A contractor hired to evaluate the FBI's Virtual Case File says stop funding it, according to a Justice official.
An independent contractor hired by FBI officials to assess the Virtual Case File recommends that they stop funding the project, according to a Justice Department official.
Virtual Case File "turned out to be a bit of a pig, because it's custom coded," said the official, who could speak only on condition of anonymity. The $170 million effort designed to allow FBI agents to electronically circulate investigation reports is more than a year late. To date, only one tenth of the project is complete, an FBI official said on an anonymous basis at a background briefing last week. Bureau officials hired Aerospace to conduct an independent project assessment, the official added.
In addition to criticizing Virtual Case File for its custom-code construction, the Aerospace report also concludes that Science Applications International Corp., the case-file developer, did a poor coding job, the Justice official said.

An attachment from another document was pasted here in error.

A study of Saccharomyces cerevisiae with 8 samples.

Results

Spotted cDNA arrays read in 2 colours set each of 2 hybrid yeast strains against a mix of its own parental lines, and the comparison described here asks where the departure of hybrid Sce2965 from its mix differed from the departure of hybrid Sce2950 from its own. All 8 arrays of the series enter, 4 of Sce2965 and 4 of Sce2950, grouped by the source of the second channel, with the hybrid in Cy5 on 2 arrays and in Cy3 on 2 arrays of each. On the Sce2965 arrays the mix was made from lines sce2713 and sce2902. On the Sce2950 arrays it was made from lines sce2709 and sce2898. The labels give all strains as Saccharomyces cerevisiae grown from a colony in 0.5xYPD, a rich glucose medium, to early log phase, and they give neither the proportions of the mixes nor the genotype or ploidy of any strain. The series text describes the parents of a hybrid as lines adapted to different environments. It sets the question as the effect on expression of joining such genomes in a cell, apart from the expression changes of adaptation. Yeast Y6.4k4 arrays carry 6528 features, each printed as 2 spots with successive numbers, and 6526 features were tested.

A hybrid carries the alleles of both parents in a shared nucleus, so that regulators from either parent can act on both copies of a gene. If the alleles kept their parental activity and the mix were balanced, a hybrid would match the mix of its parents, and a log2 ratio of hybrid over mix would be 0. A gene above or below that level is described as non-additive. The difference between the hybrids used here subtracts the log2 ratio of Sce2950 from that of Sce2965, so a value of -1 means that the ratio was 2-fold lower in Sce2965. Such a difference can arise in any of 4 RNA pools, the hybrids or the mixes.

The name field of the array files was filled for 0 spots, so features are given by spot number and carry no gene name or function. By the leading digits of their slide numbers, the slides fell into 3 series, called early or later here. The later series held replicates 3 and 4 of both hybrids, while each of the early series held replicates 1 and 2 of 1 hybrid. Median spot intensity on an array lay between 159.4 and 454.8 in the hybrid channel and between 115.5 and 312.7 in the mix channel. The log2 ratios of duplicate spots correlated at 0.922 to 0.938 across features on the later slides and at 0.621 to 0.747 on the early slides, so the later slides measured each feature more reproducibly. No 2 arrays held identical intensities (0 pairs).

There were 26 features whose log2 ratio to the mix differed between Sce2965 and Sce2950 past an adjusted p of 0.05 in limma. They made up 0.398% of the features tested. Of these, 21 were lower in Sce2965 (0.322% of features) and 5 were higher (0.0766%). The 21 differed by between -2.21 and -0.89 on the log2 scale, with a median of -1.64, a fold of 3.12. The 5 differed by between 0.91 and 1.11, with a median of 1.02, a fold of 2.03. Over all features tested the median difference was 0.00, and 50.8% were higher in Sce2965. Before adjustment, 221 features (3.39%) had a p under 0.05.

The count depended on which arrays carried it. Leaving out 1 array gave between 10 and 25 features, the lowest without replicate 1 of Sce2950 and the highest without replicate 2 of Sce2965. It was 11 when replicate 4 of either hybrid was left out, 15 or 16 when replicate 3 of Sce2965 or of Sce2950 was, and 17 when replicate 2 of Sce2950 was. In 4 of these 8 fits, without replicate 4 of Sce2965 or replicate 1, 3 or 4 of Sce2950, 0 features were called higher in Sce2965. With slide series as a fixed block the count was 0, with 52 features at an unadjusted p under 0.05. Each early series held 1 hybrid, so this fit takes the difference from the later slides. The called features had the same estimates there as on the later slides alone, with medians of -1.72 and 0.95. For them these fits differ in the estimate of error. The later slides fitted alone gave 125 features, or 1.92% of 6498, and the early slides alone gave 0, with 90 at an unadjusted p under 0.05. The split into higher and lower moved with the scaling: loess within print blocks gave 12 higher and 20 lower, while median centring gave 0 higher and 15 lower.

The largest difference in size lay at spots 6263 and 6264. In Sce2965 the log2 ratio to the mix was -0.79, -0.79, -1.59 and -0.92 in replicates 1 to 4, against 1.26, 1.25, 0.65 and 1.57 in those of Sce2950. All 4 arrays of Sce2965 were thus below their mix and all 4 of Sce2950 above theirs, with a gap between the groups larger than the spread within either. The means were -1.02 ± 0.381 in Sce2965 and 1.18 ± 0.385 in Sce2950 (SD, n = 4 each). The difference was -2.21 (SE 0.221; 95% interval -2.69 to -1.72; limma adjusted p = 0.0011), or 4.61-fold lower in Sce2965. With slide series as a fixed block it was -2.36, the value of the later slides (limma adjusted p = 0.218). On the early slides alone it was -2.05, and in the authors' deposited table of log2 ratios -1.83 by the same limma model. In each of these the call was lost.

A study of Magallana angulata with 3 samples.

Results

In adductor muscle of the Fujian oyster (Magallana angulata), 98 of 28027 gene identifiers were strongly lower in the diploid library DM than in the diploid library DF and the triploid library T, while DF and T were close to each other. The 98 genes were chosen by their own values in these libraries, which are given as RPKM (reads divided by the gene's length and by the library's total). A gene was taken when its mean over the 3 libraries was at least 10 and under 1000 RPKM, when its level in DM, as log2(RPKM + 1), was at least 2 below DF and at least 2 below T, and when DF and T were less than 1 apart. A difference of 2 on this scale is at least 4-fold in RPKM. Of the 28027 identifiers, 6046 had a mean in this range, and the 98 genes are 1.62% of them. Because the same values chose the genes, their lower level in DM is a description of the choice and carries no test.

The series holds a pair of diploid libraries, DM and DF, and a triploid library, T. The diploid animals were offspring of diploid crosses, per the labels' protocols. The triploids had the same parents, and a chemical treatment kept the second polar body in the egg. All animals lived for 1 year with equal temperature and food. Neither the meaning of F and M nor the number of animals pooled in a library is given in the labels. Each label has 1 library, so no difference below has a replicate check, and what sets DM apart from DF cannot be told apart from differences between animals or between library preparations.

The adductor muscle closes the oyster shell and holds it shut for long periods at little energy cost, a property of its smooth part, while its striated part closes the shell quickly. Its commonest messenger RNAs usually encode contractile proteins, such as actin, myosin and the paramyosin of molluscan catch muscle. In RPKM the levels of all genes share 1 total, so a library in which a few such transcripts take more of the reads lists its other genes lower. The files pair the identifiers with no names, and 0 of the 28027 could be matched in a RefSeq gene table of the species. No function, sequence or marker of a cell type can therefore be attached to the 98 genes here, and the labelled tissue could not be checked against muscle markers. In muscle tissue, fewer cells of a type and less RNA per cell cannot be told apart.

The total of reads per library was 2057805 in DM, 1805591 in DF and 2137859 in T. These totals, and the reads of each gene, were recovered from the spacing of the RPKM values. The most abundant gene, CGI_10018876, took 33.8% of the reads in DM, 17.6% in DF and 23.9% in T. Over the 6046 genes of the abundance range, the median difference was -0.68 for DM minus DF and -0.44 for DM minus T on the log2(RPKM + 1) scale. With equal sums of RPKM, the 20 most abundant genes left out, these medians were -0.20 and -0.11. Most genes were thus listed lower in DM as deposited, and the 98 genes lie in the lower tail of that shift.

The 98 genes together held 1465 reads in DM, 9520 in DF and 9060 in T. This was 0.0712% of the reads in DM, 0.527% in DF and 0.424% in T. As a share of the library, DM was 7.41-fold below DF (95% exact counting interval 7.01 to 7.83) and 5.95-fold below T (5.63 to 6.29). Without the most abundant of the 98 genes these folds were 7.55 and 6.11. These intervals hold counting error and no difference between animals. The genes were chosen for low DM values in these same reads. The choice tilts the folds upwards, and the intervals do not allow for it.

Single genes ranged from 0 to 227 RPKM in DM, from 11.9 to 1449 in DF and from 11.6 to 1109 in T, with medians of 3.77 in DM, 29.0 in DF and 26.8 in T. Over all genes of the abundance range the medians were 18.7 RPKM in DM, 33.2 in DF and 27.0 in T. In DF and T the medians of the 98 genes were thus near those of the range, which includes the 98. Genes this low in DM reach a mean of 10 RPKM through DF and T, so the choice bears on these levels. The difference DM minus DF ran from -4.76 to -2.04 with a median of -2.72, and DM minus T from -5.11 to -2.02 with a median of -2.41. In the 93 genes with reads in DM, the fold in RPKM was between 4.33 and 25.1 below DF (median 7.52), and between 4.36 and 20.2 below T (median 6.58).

"We stand behind the quality of our work, and we're waiting for the reports to be published," a company spokesman said.
The bureau will move to a commercial or government off-the-shelf case management system, the official said.
Justice officials are working on the Federal Investigative Case Management Systems (FICMS), an initiative to install common information-sharing solutions for all federal agencies that conduct investigations into lawbreaking.
The official said the FICMS request for proposals will include the FBI's needs that the Virtual Case File system would have addressed. "The onus for technology is not on us, but on the market, as it should be." The RFP should be released in the first half of 2005, the official added.
The contract award will go to a vendor with a solution that can accept modular additions, the official added. "We're not going to do the whole kitchen sink all in one RFP," the official said.
One drawback to Virtual Case File was that it could not be updated.
After FBI case management needs are initially meet, the FICMS initiative will ensure that Homeland Security Department officials have a compatible case management system, the official said.
Resistance by FBI agents to a new electronic system is a major challenge, the official said. The Robert Hanssen spy scandal also left enduring wounds to the bureau's technology modernization effort, he said. "Talk about once bitten and twice shy. They didn't have good controls in place, and he was able to track the investigation of himself" by monitoring bureau computer traffic.